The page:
Table of Contents
Though so very small, the ant is unbelievably intelligent and hard-working.
Among the various kinds, the commonest ant is black or red.
Ants live in comfortable homes called ‘anthills’.
Name the smallest insect you have seen, and the wisest. Is it the fly? No, it isn’t. Is it the mosquito? No, not the mosquito. Then it must be the worm. No, none of these. It is the ant—the commonest, the smallest but the wisest insect. The story of an ant’s life sounds almost untrue. But people have kept ants as pets, and have watched their daily behaviour closely. So we know a number of facts about this tiny, hard-working and intelligent creature.
An ant uses its feelers or antennae to ‘talk’ to other ants by passing messages through them. Watch a row of ants moving up or down the wall. Each ant greets all the others coming from the opposite direction by touching their feelers.
There are many kinds of ants. The commonest among them are the black or red ones. We have seen them since we were children, but haven’t paid enough attention to them. Where do they live? In their comfortable homes called ‘nests’ or ‘anthills’. Each has hundreds of little rooms and passages. In some of these rooms the queen ant lays eggs. Others are nurseries for the young ones (called ‘grubs’). Workers have their reserved quarters. They spend most of their time searching for food. Some rooms serve as storehouses for this food. Soldiers have separate barracks. No worker has ever tried to live in a soldier’s house; no soldier has ever gone out searching for food. No worker or soldier or cleaner has ever harmed a grub. So you see, an ant’s life is very peaceful. Each does its share of work intelligently and bravely, and never fights with other members of the group.
1. The story of an ant’s life sounds almost untrue.
The italicised phrase means
(i) highly exaggerated.
(ii) too remarkable to be true.
(iii) not based on facts.
2. Complete the following sentences.
(i) An ant is the smallest,
(ii) We know a number of facts about an ant’s life because
3. In what ways is an ant’s life peaceful?
The queen ant has a pair of wings, which she casts off before she begins to lay eggs.
Eggs hatch and become grubs, grubs change into cocoons, and cocoons break to bring forth complete ants.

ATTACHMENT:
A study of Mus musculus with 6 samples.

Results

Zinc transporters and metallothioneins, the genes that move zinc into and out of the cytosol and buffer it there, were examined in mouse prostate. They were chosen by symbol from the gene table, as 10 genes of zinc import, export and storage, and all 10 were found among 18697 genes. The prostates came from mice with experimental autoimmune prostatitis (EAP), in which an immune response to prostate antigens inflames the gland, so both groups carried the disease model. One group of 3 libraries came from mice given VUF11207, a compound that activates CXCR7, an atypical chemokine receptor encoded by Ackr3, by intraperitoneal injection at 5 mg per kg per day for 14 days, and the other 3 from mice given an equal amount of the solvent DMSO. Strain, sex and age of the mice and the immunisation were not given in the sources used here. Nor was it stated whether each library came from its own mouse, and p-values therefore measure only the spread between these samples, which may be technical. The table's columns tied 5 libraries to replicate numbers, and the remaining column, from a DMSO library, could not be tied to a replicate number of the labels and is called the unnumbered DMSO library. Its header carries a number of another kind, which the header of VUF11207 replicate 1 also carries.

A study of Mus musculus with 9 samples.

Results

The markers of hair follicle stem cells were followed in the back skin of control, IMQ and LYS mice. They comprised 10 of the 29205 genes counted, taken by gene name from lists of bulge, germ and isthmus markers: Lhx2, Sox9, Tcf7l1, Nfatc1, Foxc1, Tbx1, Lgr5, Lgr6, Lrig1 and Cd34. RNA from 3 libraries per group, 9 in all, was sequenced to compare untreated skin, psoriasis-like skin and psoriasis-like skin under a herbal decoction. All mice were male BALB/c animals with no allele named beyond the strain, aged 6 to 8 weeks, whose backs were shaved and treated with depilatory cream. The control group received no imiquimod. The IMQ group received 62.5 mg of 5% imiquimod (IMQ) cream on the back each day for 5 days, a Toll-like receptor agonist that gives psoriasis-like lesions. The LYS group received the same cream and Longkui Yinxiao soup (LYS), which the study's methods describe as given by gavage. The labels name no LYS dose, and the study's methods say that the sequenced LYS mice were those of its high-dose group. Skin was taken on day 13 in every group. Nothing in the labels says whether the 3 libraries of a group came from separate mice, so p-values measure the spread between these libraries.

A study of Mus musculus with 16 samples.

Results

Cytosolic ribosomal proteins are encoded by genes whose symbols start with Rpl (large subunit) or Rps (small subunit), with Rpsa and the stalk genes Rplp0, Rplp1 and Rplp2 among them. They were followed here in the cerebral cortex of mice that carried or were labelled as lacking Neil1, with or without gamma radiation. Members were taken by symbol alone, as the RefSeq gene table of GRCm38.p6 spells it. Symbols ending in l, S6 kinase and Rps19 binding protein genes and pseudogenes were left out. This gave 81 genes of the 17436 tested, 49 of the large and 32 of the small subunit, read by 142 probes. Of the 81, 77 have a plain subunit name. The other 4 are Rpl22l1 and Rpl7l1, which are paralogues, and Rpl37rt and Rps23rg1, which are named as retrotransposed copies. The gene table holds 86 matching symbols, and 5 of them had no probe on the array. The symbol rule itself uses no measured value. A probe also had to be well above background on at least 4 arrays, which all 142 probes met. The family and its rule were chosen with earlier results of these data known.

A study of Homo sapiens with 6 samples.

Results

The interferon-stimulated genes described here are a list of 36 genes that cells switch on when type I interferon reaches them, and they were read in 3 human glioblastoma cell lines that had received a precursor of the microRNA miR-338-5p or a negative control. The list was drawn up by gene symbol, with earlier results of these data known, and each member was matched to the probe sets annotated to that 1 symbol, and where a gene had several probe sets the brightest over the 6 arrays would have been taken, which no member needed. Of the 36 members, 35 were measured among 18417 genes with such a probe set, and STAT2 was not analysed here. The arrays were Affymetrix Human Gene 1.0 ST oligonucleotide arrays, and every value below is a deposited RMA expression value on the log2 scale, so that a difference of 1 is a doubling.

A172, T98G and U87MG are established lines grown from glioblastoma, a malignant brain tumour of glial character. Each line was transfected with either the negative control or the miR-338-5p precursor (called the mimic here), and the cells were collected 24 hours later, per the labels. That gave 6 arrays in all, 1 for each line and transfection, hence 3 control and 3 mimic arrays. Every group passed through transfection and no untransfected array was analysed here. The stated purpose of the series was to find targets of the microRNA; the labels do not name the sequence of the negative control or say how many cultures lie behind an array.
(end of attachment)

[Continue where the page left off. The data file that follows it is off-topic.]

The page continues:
The life of an ordinary ant in the anthill is a book which many of us seldom open.
The queen is the mother of the entire population of the colony. It lives for about fifteen years. It has a pair of wings, but bites them off after its ‘wedding’ flight. This flight takes place on a hot summer day. The queen leaves the nest and goes out to meet a male ant, or drone, high up in the air. On its return to earth, it gets rid of its wings and then does nothing but lay eggs.
Eggs hatch and grubs come out. Soldiers guard them. Workers feed and clean them, and also carry them about daily for airing, exercise and sunshine. Two or three weeks later, grubs become cocoons and lie without food or activity for three weeks more. Then the cocoons break and perfect ants appear. Now it’s time for teaching and training. New ants learn their duties from old ants as workers, soldiers, builders, cleaners, etc. After a few weeks’ training, the small ants are ready to go out into the big world of work.
An anthill is a home not only for ants but also for some other creatures—beetles, lesser breeds of ants and the greenfly. Why do ants want these alien creatures to live in their nests? For several reasons: some give off smell pleasant to the ants’ senses; others give sweet juices; and some are just pets or playthings like cats and dogs to human beings. The greenfly is the ants’ cow. The ants train it to give honeydew (like milk) with a touch of their antennae. They milk it just as we milk the cow.
Have humans learned as much as ants have? Perhaps they have, but they haven’t put their learning to good use. They may still learn a few things from this tiny teacher—hard work, sense of duty and discipline, cleanliness, care for the young ones, and, above all, a firm loyalty to the land where they live.
1. How long does it take for a grub to become a complete ant?
2. Why do the worker ants carry the grubs about?
3. What jobs are new ants trained for?
4. Name some other creatures that live in anthills.
5. Mention three things we can learn from the ‘tiny teacher’. Give reasons for choosing these items.
Discuss the following topics in groups.
1. (i) What problems are you likely to face if you keep ants as pets?
(ii) When a group of bees finds nectar, it informs other bees of its location, quantity, etc. through dancing. Can you guess what ants communicate to their fellow ants by touching
one another’s feelers?
2. Complete the following poem with words from the box below. Then recite the poem.
Soldiers live in barracks
And birds in ———————,
Much like a snake that rests
In a ———————. No horse is able
To sleep except in a ———————.
And a dog lives well,
Mind you, only in a ———————.
To say ‘hi’ to an ant, if you will,
You may have to climb an ———————.
hole kennel nests anthill stable
A Matter of Tongue
- In humans the tongue is the organ of taste. It also helps in chewing, swallowing and speaking.
- Some animals like the frog and the chameleon use the tongue to catch prey. The chameleon’s tongue is so long that it keeps it folded in the mouth— but it can flick it in and out at lightning speed.
- The snake uses its tongue to smell. The reptile flickers its tongue in and out, each time carrying molecules from its surroundings to an organ (called ‘Jacobsen’s organ’) in the roof of its mouth.
- The blue whale has the largest tongue which can weigh as much as an elephant.